UNT hearing clinic helps veterans combat tinnitus

Friday, November 8, 2013 - 21:28

DENTON (UNT), Texas — Many veterans suffer from tinnitus and hearing loss as a result of exposure to gunfire, explosions, airplanes and harsh sounds related to military service. The University of North Texas Tinnitus and Hyperacusis Clinic provides comprehensive research, testing, counseling and treatment devices to help vets and other individuals who suffer from this condition.

Commonly known as “ringing in the ears,” tinnitus is caused by nerve damage to the inner ear; it afflicts individuals with a range of chronic and often debilitating sounds that include ringing, buzzing, whooshing and hissing. It is the No. 1 service-related disability of veterans, according to the website of the U.S. Department of Veterans Affairs.

“The clinic plays an integral role in the health and welfare of veterans who come to the clinic seeking evaluation and treatment for their tinnitus,” said Dr. Ernest Moore, chair of UNT’s Department of Speech and Hearing Sciences.

The clinic is among a few audiology clinics in the state that integrates treatment with cutting-edge, research-supported technology, Moore said. Patients have access to specialized equipment and procedures developed by a team of faculty experts that pinpoint the nature of tinnitus and the frequency range in which the condition occurs.

Tinnitus can impact a person’s ability to sleep, concentrate or relax, which in turn can affect job and school performance and relationships. These compound conditions can be especially burdensome for vets with trauma or injuries, said Dr. Lana Ward, supervising audiologist and coordinator of clinical audiology at the UNT clinic. No drugs are currently approved by the Federal Drug Administration to treat tinnitus, and those who have the condition need practice and training to manage it.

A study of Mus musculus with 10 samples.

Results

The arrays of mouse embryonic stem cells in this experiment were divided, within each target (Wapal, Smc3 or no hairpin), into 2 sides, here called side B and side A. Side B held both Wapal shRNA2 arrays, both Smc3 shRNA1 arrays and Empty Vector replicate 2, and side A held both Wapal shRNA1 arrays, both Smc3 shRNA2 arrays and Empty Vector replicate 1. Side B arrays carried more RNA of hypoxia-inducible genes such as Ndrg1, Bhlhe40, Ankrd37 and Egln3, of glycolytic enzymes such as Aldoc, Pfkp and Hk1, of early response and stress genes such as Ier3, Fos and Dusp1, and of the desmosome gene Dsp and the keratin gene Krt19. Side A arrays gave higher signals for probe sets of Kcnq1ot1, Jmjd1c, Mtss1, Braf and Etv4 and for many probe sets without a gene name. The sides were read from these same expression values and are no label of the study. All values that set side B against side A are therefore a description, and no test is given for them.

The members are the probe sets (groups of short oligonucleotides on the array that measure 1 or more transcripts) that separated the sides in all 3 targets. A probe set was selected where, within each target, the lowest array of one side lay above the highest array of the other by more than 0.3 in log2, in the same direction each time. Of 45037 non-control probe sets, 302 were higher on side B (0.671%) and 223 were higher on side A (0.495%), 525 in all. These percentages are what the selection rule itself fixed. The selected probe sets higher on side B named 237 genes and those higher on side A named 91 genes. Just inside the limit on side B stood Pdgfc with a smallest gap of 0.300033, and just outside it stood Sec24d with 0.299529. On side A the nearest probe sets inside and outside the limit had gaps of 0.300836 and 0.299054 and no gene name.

“Tinnitus can be overwhelming for those who have it, and it might not ever go away,” said Ward. “The clinic specializes in helping patients with tinnitus, and a variety of treatment options are available that essentially train the brain to live with the condition. These include use of hearing devices that mask symptoms by redirecting the brain’s focus to different sounds, which can greatly reduce stress.”

Ward and first- through third-year doctoral student clinicians evaluate patients to identify problems in the middle and inner ear as well as the brain. By identifying the specific pitch and loudness of the offending sound, the clinicians can prescribe hearing devices that emit various sounds to interact with and cover the frequency. The brain hears and accepts the replacement sounds much the same as it would the background hum of a refrigerator.

Counseling and education are essential treatment components of the program. In this way the UNT clinic is unique from other audiology clinics that concentrate on hearing solutions only, Ward said.

The Tinnitus and Hyperacusis Clinic helps patients understand their conditions by reviewing diagnostic results and developing a structured therapy plan designed for maximum relief from symptoms. The clinic provides detailed audiology reports and strategy plans for veterans to share with their primary physicians at Veterans Affairs or other clinics.


About the Tinnitus and Hyperacusis Clinic and the Department of Speech and Hearing Sciences


Accredited by the American Speech, Language and Hearing Association, the Tinnitus and Hyperacusis Clinic was established in 2010 as part of the UNT Speech and Hearing Center, serving people with speech, language and hearing disorders since 1967. The Department of Speech and Hearing Sciences, housed within the UNT College of Public Affairs and Community Service, combines excellence in teaching speech-language pathology and audiology with research and community service.